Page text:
Most of us would be familiar with John 3. This is the passage of Scripture in which Jesus shared with Nicodemus about the Second Birth and the character of the Holy Spirit. It is probably one of the most significant part of Scripture and within it is contained the large ideas of Adoption, the Bread of Life, Eternal Life, the Good News, Justification, the Kingdom of God, Renewal and Regeneration.
Nicodemus recognized Jesus as a great teacher who had come from God. Jesus shared with him the secret to seeing the Kingdom of God and of eternal life. However, with all his knowledge of the Law, what Jesus shared appeared to Nicodemus to be mystical gibberish. Yet it was probably the most important message in his life.
We are all like Nicodemus in much of our life. We cannot help it. We all live in a procedural world full of causes and consequences, and the world itself seems governed by the very law that hold it in place. To many people today, how well we do in life seem to depend on a set of assessable instructions formulated by gurus and motivational speakers. We forget the main purpose of life and the very One who brought every single thing into existence. Too often we have made the law the main thing instead of the Creator who holds everything in place.
Solomon recognized this ages ago when he wrote the Book of Ecclesiastes. In the end, the wisest of men found that all his wisdom and knowledge were vanity in the grand scheme of things. And in fact many of the religious people during Jesus’ time on Earth were not so very different from the adherents of self-help today. They knew the Law but they did not understand its purpose or its spirit.
It is striking that Jesus used the analogy of water and wind to describe the Holy Spirit. Water and wind; fluid, and not rigid. You can feel the wind but it is not showy. Notably, water and wind are the bringers of nourishment and life. Foremost, the indication here is that God is beyond our set of rules. He does not need to display Himself such as a magician would or even explain Himself. And suddenly the ground falls from beneath our feet.
If God and His Spirit are not defined by a set of rubrics such as scientific laws or our rationality, how do we recognize that we are truly following the leading of God’s Spirit? The knowledge of God can only arrive and grow through building an authentic relationship with Him. It is then by knowing God on a relational foundation that belief and faith comes. Jesus often spoke in parables but His parables are always clear in meaning and they are not riddles.
How do we have a relationship with God? Scripture very clearly tells us that it is a gift from God, given through His grace and mercy, without any merits of our own. Right here is the centrality of grace and love as God’s very nature, and as children of God – born of the Spirit in the Second Birth – it is therefore also our calling. Everything stems from this, and the phrase ‘New Birth’ brings to mind regeneration and renewal.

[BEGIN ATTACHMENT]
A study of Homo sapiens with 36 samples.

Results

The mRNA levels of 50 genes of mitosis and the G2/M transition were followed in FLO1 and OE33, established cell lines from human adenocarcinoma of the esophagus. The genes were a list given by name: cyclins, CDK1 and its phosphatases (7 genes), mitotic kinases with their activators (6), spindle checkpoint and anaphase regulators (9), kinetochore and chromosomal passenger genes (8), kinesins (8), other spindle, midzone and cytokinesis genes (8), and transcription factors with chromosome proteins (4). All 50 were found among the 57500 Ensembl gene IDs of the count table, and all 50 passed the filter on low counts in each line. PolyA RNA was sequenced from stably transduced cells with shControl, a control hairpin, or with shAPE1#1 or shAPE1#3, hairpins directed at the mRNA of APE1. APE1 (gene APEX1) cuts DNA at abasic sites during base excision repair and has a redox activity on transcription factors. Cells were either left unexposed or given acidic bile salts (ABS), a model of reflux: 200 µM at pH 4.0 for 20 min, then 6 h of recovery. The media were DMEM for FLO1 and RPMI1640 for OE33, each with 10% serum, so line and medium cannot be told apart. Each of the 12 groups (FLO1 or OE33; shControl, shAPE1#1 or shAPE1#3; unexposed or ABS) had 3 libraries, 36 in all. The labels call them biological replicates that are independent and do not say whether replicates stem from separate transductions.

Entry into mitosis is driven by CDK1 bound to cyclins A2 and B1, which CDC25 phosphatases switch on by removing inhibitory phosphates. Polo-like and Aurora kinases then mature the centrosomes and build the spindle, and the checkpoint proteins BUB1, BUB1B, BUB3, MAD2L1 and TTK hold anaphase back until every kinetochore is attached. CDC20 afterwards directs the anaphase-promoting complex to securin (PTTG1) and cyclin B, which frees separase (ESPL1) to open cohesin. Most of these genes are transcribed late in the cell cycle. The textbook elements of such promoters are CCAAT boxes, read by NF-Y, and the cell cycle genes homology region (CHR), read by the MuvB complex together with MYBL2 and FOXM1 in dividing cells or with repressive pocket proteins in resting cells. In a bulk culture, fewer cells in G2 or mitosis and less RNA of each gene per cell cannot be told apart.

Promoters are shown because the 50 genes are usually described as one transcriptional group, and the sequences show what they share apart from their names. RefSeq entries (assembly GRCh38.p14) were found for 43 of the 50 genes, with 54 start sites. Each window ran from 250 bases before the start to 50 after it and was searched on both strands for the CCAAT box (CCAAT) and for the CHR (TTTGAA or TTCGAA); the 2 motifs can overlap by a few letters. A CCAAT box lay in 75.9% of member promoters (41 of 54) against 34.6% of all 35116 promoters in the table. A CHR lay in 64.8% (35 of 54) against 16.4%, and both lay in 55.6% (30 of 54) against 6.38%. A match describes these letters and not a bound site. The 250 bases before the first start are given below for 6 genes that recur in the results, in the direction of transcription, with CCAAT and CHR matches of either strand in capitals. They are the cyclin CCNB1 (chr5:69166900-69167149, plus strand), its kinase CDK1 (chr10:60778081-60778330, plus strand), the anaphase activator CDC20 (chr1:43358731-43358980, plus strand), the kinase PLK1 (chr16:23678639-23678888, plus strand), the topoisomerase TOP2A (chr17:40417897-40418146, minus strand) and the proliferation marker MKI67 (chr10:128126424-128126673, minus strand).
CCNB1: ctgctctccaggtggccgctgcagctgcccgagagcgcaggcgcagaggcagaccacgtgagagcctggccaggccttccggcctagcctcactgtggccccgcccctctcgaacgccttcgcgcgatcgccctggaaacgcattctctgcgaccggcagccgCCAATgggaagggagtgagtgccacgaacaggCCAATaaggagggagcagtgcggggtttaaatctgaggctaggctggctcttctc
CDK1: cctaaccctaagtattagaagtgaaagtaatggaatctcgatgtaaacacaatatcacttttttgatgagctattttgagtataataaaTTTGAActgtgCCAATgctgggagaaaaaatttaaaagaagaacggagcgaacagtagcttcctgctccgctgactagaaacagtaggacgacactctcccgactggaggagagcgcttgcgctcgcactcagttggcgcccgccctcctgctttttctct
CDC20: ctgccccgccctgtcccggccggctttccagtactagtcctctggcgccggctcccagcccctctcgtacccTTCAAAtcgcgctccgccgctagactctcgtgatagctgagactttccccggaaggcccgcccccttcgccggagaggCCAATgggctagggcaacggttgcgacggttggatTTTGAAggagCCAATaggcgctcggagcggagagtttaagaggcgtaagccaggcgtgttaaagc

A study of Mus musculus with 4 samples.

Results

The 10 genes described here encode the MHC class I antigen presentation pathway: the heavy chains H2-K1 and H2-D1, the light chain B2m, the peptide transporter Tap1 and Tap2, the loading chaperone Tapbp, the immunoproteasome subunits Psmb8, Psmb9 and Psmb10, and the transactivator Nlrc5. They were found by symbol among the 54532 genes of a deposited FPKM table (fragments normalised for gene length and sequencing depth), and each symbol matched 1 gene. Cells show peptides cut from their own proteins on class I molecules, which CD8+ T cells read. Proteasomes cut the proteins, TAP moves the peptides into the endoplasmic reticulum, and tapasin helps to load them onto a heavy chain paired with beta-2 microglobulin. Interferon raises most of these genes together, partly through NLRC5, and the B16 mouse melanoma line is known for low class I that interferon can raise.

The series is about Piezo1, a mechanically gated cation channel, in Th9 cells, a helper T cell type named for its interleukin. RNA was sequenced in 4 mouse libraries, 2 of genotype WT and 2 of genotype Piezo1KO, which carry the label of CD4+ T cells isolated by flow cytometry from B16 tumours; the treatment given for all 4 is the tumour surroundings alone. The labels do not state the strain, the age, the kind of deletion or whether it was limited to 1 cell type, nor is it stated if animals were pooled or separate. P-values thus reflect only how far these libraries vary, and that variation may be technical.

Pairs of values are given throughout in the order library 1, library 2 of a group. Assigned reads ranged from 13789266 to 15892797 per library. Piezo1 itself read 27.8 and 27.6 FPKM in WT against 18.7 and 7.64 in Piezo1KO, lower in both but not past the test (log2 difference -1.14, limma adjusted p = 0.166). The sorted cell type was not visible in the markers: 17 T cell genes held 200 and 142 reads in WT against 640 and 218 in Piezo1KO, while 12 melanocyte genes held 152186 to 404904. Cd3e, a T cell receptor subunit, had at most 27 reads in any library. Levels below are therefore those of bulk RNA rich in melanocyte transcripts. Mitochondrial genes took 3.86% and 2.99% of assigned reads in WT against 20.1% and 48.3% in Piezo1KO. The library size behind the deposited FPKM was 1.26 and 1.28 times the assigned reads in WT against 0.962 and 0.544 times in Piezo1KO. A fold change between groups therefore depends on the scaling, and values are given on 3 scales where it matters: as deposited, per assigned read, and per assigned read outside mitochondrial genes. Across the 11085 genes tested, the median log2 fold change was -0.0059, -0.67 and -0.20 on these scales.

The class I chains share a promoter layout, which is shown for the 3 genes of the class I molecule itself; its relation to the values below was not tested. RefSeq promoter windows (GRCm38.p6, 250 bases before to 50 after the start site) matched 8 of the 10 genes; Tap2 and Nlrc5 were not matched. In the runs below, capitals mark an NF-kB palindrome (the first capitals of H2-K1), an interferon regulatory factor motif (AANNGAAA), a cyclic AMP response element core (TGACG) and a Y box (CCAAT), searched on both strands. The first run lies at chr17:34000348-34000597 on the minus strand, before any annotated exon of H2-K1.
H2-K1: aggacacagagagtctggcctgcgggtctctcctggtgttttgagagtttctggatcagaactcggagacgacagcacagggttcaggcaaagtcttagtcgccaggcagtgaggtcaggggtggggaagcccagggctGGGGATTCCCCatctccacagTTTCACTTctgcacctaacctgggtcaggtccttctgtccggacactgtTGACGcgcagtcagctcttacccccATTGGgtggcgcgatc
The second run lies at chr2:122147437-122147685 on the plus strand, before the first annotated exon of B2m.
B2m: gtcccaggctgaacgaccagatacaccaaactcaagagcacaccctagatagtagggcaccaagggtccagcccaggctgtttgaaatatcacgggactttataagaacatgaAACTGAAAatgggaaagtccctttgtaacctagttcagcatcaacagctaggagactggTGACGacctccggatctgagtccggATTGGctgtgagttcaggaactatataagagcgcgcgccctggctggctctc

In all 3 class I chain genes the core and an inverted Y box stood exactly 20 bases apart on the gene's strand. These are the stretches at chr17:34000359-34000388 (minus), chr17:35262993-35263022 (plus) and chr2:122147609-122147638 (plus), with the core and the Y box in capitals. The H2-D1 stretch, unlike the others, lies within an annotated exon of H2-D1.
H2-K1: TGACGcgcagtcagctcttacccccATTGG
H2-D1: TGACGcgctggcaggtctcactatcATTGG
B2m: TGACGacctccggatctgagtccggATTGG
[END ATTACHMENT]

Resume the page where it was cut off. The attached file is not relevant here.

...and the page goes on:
Regeneration simply means to generate again. Jesus did not expound lengthily on the matter on that night but it is the most powerful thing that can happen in a person’s life. A person who was dead in the transgressions of sin, without hope, becomes alive again with Christ solely through God’s initiative. Regeneration signals a change in attitude and purpose and it occurs from the inside out. A regenerated person seeks, finds, and follows Christ. Though not yet perfect, there is growth in love, joy, and peace.
There is renewal every day for our God is a progressive God. God is never behind the times yet the message of the Gospel is still one that is primarily about reconciliation; the restoration of what was once broken, for we were once separated from God by sin and rebellion. Renewal takes place in multiple areas; a new covenant, a new heart to replace the old heart of rebellion, a new life to replace the old life destined to end in death, and a new mind to replace the old one.
Jesus Himself is the author of renewal and faith in Jesus is compared to the “new self” that looks like the humanity God always intended. Our faith has always been laid upon bedrock of the context of family. Scriptural language itself reflects this. To God, an intimate and personal relationship with us matters above all else.
Why do we serve? It is because we love God and His people, and this because He first loved us. Why do we keep telling people about Christ? Again, it is because of love and because we are proud to be part of His family. Why do we persevere? Because there is something stronger than anything else in this world in the ties of a relationship; something that cannot be broken by anything. As the saying goes, “blood is thicker than water”, and blood has been paid for us.
Like our natural families, we have a place within God’s family. We do not even have to formulate recipes for this. It has already been given to us; a direct access to Him, in our prayers, and by His word.
This is what Jesus meant when He said that His yoke is easy. This is Good News indeed; within it there is healing and justification and restoration and revival and – crucially – eternal life and salvation. In the end, it is just like the homecoming of a prodigal child, back to the arms of the Father, where we belong.